For Immediate Release
Leading Guantanamo Lawyers Welcome Partial Disclosure of Cleared Prisoners
WASHINGTON - In response to the Department of Justice’s release today of the identities of 55 of the 86 Guantanamo prisoners who have been approved for transfer, Center for Constitutional Rights Executive Director Vincent Warren issued the following statement:
Most of the 55 men listed have endured 11 years of indefinite detention without charge or trial, despite the unanimous assessment of every responsible U.S. national security agency that these men could be safely released or transferred. The government’s justification for hiding the identities of these men was always unconvincing, and their names should have been made public three years ago when the Guantanamo Review Task Force made its determinations. Though today’s announcement is long overdue, we welcome the disclosure of this important information which finally dispels the myth that the remaining detainees who are trapped at Guantanamo are too dangerous to be released.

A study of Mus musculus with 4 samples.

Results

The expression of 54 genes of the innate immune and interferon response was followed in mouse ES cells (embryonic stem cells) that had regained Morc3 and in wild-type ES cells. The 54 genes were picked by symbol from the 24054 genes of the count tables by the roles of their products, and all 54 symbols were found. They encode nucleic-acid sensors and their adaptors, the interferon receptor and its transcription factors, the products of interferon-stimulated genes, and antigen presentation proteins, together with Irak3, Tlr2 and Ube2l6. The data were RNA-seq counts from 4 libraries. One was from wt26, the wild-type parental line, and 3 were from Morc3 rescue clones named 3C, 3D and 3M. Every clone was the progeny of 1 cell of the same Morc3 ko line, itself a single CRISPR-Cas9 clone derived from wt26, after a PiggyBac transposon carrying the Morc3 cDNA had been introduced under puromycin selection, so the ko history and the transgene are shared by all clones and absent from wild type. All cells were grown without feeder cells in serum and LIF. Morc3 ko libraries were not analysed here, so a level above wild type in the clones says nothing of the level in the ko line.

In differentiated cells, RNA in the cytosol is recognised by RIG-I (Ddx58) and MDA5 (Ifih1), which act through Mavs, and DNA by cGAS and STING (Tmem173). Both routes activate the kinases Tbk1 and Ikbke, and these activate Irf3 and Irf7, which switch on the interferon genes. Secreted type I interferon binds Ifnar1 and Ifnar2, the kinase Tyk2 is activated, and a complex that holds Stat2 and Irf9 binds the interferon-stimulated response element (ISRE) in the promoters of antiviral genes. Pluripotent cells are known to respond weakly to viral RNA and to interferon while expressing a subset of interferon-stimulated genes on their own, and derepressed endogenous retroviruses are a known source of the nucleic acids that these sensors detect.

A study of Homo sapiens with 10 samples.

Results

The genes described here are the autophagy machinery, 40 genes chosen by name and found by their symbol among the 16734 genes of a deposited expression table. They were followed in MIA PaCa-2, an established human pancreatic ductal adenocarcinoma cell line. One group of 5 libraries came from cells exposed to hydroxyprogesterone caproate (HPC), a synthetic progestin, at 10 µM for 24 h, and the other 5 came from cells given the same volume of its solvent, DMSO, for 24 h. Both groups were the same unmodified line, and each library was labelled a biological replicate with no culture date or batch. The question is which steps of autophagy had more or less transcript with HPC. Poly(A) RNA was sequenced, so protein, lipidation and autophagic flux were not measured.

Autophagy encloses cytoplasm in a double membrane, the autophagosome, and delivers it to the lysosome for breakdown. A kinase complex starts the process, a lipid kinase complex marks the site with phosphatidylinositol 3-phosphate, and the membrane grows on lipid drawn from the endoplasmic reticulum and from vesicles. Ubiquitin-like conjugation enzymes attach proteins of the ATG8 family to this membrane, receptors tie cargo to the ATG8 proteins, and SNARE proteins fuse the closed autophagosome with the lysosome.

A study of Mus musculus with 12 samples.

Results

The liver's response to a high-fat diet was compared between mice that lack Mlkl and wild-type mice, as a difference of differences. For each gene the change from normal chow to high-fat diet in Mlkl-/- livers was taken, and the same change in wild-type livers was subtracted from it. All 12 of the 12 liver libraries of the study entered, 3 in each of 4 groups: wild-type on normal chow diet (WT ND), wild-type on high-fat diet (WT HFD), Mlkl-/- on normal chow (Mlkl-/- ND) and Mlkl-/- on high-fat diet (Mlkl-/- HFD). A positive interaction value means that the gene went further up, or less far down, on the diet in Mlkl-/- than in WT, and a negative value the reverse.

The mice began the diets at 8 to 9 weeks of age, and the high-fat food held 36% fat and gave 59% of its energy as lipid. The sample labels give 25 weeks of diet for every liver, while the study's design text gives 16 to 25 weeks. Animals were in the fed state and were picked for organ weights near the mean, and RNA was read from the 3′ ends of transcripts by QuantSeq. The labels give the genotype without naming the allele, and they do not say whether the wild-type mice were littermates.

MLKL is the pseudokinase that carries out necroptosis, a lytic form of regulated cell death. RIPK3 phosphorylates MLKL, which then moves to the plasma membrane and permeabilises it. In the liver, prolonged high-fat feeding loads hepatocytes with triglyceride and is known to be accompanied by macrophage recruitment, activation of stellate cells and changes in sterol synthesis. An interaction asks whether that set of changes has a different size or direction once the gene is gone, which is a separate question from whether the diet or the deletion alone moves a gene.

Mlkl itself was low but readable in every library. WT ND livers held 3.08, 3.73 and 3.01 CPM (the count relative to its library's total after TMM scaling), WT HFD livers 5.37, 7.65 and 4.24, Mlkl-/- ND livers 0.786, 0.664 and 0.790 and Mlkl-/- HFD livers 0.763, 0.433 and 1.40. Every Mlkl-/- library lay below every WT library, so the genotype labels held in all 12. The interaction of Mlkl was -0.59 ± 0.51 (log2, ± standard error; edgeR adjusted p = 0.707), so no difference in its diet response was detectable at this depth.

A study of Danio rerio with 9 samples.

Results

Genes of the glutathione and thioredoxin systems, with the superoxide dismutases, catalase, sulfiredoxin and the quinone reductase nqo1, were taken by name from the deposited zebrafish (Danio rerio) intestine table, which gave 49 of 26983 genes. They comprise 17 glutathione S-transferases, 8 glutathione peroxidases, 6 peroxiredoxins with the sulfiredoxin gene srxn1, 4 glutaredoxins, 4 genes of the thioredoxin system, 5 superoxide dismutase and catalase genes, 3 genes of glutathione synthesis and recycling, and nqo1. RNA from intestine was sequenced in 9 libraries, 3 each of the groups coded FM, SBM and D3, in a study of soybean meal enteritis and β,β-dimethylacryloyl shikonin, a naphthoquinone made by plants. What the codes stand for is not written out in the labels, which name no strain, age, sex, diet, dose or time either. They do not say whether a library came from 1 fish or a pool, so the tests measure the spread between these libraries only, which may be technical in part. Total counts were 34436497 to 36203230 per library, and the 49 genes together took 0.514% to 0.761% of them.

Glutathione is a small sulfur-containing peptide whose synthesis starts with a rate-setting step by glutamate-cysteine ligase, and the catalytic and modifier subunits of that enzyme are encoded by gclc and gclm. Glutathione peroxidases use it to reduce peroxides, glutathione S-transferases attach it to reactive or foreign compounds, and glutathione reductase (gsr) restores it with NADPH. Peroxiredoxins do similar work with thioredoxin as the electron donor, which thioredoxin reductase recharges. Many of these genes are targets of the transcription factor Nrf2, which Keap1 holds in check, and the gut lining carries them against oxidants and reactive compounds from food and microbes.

The list announced today, however, is incomplete, and not appearing on the list is no indication of wrongdoing. It is long past time for the government to release the men it does not intend to prosecute. It should begin by urgently resuming transfers of the 86 men it has already cleared. The government did the right thing today by releasing the partial list of names. It should take the next step of releasing the men themselves.
Mid-Year Campaign: Your Support is Needed Now.
Common Dreams is a small non-profit - Over 90% of the Common Dreams budget comes from reader support. No advertising; no paywalls: our content is free. But our costs are real. Common Dreams needs your help today! If you're a regular reader—or maybe a new one—and you haven't yet pitched in, could you make a contribution today? Because this is the truth: Readers, like you, keep us alive. Please make a donation now so we can continue to work for you.
The Center for Constitutional Rights is dedicated to advancing and protecting the rights guaranteed by the United States Constitution and the Universal Declaration of Human Rights. Founded in 1966 by attorneys who represented civil rights movements in the South, CCR is a non-profit legal and educational organization committed to the creative use of law as a positive force for social change.